Photo by Heather Middleton
After two hours of disagreements and debate that were at times confusing, the Clayton County Board of Education approved a "final" approximately $49 million budget-reduction plan on Tuesday that leaves many key, contentious issues unresolved.
The school board ended up having to scrap — for now — plans for the district to "recoup" $6.4 million worth of federal jobs bill money that was distributed to school system employees and school board members last December, because of legal issues surrounding the plan. As a result, several programs and actions that would have been saved from cuts, using that recouped money, are now facing cuts again.
Those programs and actions that would have been saved include elementary music, counseling and in-school suspension programs, all of which will now tentatively be cut in half. High school graduations also would have stayed at the Georgia Dome, in Atlanta, if the jobs money was recouped.
The school board voted 6-2 to approve a budget plan that does not include recouping the federal money, or saving the elementary programs and high school graduations' out-of-county location. Now, the board will have to hold a called meeting next week to vote on a legal plan to recoup the jobs bill money, and to keep the three elementary school programs, as well as continuing to hold graduation ceremonies in Atlanta.
"The majority of the board seems to be in favor of recouping the money, but we've got to make sure we're doing it legally," said School Board Chairperson Pamela Adamson, after the meeting ended. "You can't just tell people you're going to take back money that you gave them. You've got to have a legal foundation for doing that, and that's what we didn't have tonight."
Next Monday's meeting will take place at the Clayton County Public Schools Central Administration Complex, at 1058 Fifth Ave., in Jonesboro. The board's options include voting to recoup the jobs bill money at the meeting, or even implementing five furlough days for all district employees during the 2011-2012 school year, to save the other programs, said Superintendent Edmond Heatley.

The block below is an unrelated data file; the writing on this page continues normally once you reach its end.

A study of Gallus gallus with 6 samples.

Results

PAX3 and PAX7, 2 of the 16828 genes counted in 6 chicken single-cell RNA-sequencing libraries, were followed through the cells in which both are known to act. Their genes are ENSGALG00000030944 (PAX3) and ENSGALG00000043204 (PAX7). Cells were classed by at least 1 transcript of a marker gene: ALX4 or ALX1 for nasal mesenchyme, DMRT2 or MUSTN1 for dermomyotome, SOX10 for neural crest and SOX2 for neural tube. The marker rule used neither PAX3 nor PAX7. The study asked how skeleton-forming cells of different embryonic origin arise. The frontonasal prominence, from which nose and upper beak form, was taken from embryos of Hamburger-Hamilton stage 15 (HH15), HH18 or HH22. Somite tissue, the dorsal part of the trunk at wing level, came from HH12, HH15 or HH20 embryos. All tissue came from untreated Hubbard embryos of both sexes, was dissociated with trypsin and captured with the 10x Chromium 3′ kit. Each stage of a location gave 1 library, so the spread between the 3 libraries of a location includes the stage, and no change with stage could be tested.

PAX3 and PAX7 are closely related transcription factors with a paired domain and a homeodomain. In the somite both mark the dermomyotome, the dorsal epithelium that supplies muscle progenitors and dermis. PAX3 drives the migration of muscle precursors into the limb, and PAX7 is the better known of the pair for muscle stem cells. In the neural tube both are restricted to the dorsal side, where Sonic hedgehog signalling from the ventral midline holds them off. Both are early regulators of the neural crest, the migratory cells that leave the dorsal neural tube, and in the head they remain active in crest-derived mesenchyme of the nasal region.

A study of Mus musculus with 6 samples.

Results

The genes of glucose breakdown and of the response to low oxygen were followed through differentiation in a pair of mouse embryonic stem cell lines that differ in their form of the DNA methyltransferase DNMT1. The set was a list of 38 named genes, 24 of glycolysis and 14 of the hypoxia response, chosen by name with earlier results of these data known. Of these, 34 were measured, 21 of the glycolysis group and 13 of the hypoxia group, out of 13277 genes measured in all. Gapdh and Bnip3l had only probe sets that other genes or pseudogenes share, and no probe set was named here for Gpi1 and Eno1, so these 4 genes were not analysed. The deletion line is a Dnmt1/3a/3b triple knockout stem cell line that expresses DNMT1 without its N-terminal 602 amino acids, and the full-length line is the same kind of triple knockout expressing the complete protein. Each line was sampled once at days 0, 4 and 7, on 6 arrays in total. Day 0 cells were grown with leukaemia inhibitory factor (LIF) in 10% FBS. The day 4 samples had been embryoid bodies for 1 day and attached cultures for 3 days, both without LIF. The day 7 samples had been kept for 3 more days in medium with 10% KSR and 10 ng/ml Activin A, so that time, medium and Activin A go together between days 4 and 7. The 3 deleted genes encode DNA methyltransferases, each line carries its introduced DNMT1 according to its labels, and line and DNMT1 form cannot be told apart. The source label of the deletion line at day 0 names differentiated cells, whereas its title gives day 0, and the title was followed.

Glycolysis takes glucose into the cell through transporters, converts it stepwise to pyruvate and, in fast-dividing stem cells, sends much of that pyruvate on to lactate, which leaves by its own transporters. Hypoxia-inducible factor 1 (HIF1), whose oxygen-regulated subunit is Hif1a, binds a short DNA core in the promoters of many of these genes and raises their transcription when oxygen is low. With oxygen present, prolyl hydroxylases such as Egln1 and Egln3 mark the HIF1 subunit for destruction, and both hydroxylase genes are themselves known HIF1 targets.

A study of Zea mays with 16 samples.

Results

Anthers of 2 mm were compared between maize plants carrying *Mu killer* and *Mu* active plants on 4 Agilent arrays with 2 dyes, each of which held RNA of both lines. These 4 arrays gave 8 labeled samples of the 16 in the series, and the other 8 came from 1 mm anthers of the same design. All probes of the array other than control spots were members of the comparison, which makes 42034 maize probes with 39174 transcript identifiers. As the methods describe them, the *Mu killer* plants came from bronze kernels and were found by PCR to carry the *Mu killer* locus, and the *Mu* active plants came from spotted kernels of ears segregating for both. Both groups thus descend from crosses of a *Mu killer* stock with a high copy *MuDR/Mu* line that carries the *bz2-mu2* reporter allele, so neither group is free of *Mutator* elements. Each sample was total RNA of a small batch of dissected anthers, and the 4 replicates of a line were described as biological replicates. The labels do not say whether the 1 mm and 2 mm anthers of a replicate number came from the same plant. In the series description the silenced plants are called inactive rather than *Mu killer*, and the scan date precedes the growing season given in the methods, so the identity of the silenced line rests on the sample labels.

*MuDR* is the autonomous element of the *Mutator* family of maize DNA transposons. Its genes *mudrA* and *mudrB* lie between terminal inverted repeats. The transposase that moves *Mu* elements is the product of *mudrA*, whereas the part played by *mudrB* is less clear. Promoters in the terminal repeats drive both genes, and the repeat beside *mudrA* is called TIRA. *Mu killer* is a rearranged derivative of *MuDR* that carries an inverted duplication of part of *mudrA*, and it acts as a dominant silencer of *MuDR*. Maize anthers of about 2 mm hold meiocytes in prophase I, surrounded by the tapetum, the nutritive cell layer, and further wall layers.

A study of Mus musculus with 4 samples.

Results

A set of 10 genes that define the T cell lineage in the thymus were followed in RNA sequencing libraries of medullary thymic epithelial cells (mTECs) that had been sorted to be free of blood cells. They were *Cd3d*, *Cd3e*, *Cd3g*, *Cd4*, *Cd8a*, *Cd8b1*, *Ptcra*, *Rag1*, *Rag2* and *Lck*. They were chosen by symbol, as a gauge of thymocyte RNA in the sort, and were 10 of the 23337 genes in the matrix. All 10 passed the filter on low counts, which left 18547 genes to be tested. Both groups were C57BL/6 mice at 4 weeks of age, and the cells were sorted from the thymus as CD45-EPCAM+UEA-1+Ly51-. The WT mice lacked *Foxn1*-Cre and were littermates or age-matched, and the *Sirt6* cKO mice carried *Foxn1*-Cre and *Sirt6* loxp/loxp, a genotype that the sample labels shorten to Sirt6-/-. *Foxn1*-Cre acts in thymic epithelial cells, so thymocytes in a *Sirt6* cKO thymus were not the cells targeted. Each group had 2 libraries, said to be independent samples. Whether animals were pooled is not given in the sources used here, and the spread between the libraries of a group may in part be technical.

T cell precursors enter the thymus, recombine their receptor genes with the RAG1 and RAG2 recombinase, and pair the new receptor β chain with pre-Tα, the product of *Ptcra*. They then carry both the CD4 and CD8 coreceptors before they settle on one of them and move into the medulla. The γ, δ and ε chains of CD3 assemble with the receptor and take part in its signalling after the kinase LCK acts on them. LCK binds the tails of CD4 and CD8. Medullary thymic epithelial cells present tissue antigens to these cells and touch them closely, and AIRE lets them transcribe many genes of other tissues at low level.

"A budget-reduction plan was approved today [Tuesday]," he said. "The board could come back at any time and say ‘Hey, instead of that, let's do this.' They have a special called board meeting, where they are going to consider something else ... I'm not happy, because I've got to cut $49 million from the budget ...
"Do I understand the hesitation?" Heatley asked. "I do, but at the end of the day, we're going to have to make these cuts, so we can balance the budget so we can continue educating the children."
Among the cuts included in the reduction plan approved on Tuesday, are: Reducing consultative teachers 46 positions ($6 million); delaying textbook purchases in fiscal year 2012 ($2.8 million); reducing utility costs ($2.7 million); switching to a virtual alternative education program ($2.6 million); cutting 12 high school assistant principal positions ($2.3 million); cutting the elementary art program in half ($2.2 million); eliminating school shuttle bus services in the district ($1.9 million); cutting six middle school assistant principal positions ($1.1 million), and reducing the school system's transportation department budget $1 million.
There are also $2 million worth of cuts to the school district's nutrition program, including eliminating 36 assistant manager positions in elementary schools; and eliminating free meals for custodians and school nutrition workers.
Adamson said school board members are ready to give back the jobs bill money they received, which she said equaled approximately $200 per board member. "We didn't want it in the first place," she said. "We were shocked when it showed up."
But, the long and contentious debate that took place over the budget-reduction plan left some observers shaking their heads. The key issue of contention was the jobs bill money, which was muddied early in the conversation, but became more muddied midway through the debate, when board members learned there would be legal issues involved in recouping the federal money.
"It doesn't seem like there was a well-thought-out plan," board member Jessie Goree told Heatley during the meeting. "Had we done a well-thought-out plan in the first place, we would not be in this predicament."
The superintendent responded saying he was "offended" Goree's comments, and asserting that his reduction plan was indeed a plan. But, Clayton County Education Association President Sid Chapman said the process of reviewing, and approving, a budget-reduction plan has not been handled well.
At one point in early March, Heatley presented three different plans in the span of a week, and at least two additional revisions have been presented since then.
"The whole process has been messy," Chapman said. "It just has not been clear. There's been recommendations at one meeting, and then another [at another meeting]. The board has not had a clear picture of what the superintendent intends to do ... It's changed every time."